You’re the Boss Now; Know These Employment Anti-Discrimination Laws
Sure, you’ve been schooled in the vital issue of equity for students, but never forget that equity is a workplace matter, too.
Typically, early-career principals are acquainted with laws that help ensure equity and protect against discrimination against students, such as the Individuals with Disabilities Education Act (IDEA). Yet lost in many graduate principal preparation programs is the host of anti-discrimination laws that apply to a principal’s work as an employer. Here are just some the significant laws that principals, especially those starting out in their careers, must be aware of.
- Section 504 of the Rehabilitation Act/Americans with Disabilities Act: Section 504 plans aren’t only for students. Section 504 protects against disability discrimination against employees in public schools, too. You must make an accommodation if an employee or prospective employee who can otherwise do the job has a disability that can be reasonably accommodated, such as providing an accessible classroom.
- Anti-Discrimination and Civil Rights Statutes: Numerous federal and state statutes prevent discrimination in the workplace based on race, religion, sex, age, marital status, or sexual orientation, among others. Yes, this kind of discrimination still happens. For instance, education leaders talk about getting “youthful teachers” into their classes. But age is a protected class, meaning that someone over 40 can bring a claim that an employment decision was based on age, not ability.
- Union Protected Activity: If your state allows union activity, it is important to treat the union rep and union members as you would all others. If you don’t, someone could claim that you are interfering with an employee’s right to organize and other “protected activity.”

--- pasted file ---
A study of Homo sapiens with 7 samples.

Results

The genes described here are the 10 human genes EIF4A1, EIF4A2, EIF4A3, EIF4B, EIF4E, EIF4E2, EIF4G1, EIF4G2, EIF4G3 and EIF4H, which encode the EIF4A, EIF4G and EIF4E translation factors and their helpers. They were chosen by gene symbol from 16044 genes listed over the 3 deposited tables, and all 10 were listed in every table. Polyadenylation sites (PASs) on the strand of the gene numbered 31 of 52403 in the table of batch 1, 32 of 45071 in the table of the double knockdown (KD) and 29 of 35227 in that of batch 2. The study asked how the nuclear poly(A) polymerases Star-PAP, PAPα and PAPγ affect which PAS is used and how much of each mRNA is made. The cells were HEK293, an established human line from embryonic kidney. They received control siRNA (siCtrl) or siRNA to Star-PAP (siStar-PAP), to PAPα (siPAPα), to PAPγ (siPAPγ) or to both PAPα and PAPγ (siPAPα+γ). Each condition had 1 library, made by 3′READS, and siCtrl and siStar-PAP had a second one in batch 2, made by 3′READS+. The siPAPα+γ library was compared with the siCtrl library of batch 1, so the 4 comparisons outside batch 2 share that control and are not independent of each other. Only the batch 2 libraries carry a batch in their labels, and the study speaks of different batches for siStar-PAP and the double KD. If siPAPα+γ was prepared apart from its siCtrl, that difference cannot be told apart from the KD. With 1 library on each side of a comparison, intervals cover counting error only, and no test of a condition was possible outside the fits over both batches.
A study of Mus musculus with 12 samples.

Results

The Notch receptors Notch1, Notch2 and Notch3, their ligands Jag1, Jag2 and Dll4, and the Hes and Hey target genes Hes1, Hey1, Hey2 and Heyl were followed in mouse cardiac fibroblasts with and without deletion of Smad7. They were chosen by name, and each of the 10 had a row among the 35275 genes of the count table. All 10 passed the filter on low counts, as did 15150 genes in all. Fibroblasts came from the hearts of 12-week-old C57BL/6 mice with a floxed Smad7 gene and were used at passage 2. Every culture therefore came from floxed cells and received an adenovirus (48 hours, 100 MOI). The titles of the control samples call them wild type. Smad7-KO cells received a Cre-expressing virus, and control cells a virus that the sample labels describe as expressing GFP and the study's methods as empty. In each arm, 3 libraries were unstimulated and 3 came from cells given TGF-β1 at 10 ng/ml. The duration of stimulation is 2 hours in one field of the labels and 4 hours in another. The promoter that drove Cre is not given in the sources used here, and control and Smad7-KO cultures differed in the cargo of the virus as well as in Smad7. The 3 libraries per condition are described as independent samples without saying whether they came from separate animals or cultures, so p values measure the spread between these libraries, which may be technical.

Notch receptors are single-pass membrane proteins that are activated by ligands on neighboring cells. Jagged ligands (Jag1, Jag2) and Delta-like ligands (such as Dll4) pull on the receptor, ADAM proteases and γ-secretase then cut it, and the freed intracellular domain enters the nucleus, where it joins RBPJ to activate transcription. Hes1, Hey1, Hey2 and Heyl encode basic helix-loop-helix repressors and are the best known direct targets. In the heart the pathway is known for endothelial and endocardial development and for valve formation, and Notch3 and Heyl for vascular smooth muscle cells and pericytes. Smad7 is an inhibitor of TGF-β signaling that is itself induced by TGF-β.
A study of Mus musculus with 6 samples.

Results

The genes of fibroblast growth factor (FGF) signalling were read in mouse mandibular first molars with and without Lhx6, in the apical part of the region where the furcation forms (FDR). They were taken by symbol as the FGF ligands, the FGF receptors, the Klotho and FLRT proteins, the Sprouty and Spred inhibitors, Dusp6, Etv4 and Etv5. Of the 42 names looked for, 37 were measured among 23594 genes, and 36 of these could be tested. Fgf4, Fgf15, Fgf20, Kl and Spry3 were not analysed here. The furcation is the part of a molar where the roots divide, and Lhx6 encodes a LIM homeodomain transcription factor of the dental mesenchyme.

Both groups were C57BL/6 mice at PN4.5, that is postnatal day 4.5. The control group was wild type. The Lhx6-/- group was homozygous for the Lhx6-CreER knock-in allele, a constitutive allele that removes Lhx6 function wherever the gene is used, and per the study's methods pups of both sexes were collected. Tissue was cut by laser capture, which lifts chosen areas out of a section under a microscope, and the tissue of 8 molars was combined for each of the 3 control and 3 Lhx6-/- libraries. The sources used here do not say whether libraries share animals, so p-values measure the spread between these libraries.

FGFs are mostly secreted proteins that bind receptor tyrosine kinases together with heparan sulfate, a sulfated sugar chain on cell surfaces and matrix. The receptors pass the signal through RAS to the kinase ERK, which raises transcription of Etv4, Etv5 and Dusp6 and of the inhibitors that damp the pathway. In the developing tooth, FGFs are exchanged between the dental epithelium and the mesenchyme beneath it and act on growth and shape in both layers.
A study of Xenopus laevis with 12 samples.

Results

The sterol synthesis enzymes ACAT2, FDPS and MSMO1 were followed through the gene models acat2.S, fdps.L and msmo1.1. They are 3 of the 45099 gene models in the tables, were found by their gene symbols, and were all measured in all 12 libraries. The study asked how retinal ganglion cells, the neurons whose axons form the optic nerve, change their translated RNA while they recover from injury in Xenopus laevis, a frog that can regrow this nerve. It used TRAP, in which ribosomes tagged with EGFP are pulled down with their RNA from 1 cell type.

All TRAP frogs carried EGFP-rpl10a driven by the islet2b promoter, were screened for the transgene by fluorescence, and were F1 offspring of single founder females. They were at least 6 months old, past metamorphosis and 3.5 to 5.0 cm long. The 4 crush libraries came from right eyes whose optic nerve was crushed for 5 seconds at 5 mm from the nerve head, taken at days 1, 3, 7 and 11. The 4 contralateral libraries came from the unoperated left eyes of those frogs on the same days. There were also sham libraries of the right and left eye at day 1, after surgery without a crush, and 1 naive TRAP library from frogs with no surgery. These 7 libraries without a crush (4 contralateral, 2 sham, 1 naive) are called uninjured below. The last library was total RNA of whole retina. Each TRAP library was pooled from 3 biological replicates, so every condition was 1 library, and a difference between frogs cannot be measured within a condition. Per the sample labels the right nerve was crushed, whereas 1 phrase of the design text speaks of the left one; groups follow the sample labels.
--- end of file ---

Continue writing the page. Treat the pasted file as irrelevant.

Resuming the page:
- Retaliation Claims: This is the BIG trap for many principals, especially new ones. For instance, some principals might resent the “special protections” awarded a teacher who won a Section 504 claim, so they start taking away other things to “balance it all out” or seek vengeance. They might take small actions that add up: denial of bonus, extra lunch-duty assignments, or petty things (or maybe not-so-petty things). If you are singling someone out because they sought to enforce a right, then it is retaliation—and that is against the law.
How to Protect Yourself
You do not have hire someone because they are in a protected class. However, you must not discriminate against them because they may be in such a class. Every job application or decision regarding an employee must be based on the person’s merits. Always have bona fide reasons for employment decisions, including hiring, firing, and transfers. In many cases, this means a record of evaluation, or a decision grounded in fact and evidence.
Many early principals are aware of the laws and practices protecting students from discrimination. But remember, as you step into your role as an employer, you must follow the laws protecting employees from discrimination, too.